March 10, 2023
When you are coaching a team and there are several topics that need to be covered, the team needs to decide in which order and how they would like to tackle the topics. This is one of the few points where a team coach might enter into thinking about the content of the session and their interdependencies. Sometimes there is a natural sequence of topics. Take the example of the old “Nasa Game” exercise where teams are asked to rank items of supply according to their usefulness after a plane crash in the desert. If the team decides to stay where they are and not move (the right decision, just so that you know if you are ever in this situation), material for building shelter would rank much higher, for example, than if they decide to march through the desert (not advised). In team coaching this could be that the team needs to decide on roles and responsibilities first before starting to work on topics or that they need to decide on a strategy before they can move into more tactical issues.
This also influences what can be dealt with in plenary and what can be delegated to small groups. It is best to ask the team about the interdependencies of the issues (as you cannot know this well as a team coach) and to find a good sequence together. This may also be done in preparation for the team coaching together with a small project group of the team.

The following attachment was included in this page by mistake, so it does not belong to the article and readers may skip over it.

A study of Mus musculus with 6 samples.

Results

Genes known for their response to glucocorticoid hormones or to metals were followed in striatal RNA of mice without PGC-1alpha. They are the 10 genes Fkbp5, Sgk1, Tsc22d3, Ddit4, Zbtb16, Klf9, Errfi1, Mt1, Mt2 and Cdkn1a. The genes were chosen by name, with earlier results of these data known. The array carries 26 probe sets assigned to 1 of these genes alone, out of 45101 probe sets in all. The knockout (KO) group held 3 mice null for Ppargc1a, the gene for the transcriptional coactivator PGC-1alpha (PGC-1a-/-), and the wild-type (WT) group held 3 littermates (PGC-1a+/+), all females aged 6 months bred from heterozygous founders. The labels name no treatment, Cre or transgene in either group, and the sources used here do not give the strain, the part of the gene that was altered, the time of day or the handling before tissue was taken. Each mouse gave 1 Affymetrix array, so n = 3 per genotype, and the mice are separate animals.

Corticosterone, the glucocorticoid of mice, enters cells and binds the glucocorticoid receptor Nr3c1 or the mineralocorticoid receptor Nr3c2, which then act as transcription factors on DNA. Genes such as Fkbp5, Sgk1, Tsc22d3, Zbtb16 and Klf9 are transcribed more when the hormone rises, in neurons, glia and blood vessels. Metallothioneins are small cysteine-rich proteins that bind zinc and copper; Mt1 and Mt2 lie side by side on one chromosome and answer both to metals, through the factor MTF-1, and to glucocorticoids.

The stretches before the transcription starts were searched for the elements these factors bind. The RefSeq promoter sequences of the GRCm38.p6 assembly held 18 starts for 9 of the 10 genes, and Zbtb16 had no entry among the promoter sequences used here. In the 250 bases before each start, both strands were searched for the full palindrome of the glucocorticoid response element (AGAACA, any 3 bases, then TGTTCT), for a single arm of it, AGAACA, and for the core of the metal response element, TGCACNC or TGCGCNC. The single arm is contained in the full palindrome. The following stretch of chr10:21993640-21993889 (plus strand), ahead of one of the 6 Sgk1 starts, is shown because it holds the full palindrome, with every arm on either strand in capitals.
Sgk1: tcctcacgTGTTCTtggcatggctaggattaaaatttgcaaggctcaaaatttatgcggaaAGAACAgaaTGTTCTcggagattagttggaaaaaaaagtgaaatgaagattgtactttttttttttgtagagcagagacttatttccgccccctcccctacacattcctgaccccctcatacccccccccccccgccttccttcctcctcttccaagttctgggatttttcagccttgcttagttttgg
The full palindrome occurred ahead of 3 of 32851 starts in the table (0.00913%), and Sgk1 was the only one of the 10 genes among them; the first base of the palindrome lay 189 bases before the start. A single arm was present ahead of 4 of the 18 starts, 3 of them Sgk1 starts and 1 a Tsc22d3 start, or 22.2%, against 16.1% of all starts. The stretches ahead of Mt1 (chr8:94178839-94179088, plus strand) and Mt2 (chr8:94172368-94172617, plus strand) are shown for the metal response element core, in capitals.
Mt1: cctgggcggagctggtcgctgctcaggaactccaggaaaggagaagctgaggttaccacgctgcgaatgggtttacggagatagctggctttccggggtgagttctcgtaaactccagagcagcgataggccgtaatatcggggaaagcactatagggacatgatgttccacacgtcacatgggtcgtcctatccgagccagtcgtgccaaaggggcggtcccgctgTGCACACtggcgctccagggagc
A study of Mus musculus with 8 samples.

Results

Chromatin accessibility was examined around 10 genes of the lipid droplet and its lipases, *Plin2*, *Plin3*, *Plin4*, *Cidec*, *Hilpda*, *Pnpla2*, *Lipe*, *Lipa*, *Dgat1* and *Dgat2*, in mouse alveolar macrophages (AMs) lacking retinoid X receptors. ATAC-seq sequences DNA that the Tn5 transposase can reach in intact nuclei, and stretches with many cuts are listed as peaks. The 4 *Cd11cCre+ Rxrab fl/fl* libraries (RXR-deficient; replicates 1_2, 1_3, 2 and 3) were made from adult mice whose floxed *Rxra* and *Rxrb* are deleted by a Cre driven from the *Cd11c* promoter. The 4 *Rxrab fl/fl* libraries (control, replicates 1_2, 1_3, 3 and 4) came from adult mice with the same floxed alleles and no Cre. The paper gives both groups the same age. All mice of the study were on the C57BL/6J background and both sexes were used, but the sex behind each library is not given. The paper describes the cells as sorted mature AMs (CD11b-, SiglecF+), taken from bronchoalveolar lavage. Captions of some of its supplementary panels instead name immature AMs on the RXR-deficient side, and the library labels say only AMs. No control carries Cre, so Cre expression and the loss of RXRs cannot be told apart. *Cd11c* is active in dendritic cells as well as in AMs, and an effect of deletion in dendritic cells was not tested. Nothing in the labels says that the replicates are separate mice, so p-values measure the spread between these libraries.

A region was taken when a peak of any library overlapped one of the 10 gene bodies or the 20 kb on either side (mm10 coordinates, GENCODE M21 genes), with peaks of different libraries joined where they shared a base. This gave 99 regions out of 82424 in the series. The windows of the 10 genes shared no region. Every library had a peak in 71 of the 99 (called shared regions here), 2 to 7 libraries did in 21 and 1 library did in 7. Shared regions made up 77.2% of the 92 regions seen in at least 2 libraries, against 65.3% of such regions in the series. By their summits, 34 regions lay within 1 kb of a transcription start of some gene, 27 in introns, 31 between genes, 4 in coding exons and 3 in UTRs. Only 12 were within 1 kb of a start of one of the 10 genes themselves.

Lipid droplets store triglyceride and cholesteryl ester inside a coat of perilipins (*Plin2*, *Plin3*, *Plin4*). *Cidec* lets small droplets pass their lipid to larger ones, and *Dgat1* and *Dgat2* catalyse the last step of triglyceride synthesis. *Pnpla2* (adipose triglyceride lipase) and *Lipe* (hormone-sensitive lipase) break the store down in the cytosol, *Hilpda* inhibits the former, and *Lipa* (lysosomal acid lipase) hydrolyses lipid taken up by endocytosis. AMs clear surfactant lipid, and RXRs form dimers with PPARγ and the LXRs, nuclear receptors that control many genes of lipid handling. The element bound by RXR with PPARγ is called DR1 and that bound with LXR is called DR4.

When you have decided which topics need to be discussed first and by all, you can then move into working with smaller groups or breakout rooms. Here are two ways in which you can help these working groups be successful:
Create a briefing for the small groups
If you ask the plenary to create a short briefing for the small groups, you increase the likelihood of acceptance for the results of the small group work. Take a flipchart or digital whiteboard and ask the plenary: “What is important for this small group to take into account?”. Take 5 minutes for the creation of the brief for each small group. If there is no time, you an also put the flipcharts in different spaces in the room or in different corners of the digital whiteboard so that everyone who wants to contribute to a small group topic but cannot join can give their input.
Offer a structure and/or brief facilitators
To make the discussions as fruitful as possible, ask for volunteers from the team before the team coaching session and do a mini-facilitation training with them. Teach them the Solution Focused structure of: “Ticket Office, Preferred Future, Successful Past and Gift Shop” so they can guide the discussions away from blamestorming and keep them constructive.
You might also offer the small groups a “facilitation guide” by way of a structured flipchart or a prepared digital whiteboard with Solution Focused Questions:
What would you like to achieve in today’s breakout sessions?
Check: is this goal in your influence, feasible, positively described (presence of something not absence of something)
If we achieve this, what difference would it make to the respective stakeholders?
Draw a mindmap with the stakeholders and what they might notice?
On a scale of 0-10 where 10 means that you have already achieved your goal, where are you now?
What is already going in the right direction?
How would you and the stakeholders notice a step up on the scale?
What will you propose as solutions to the plenary?
When they report to the plenary, ask the plenary for comments and invite them to agree on experiments (rather than feeling that “this will be forever).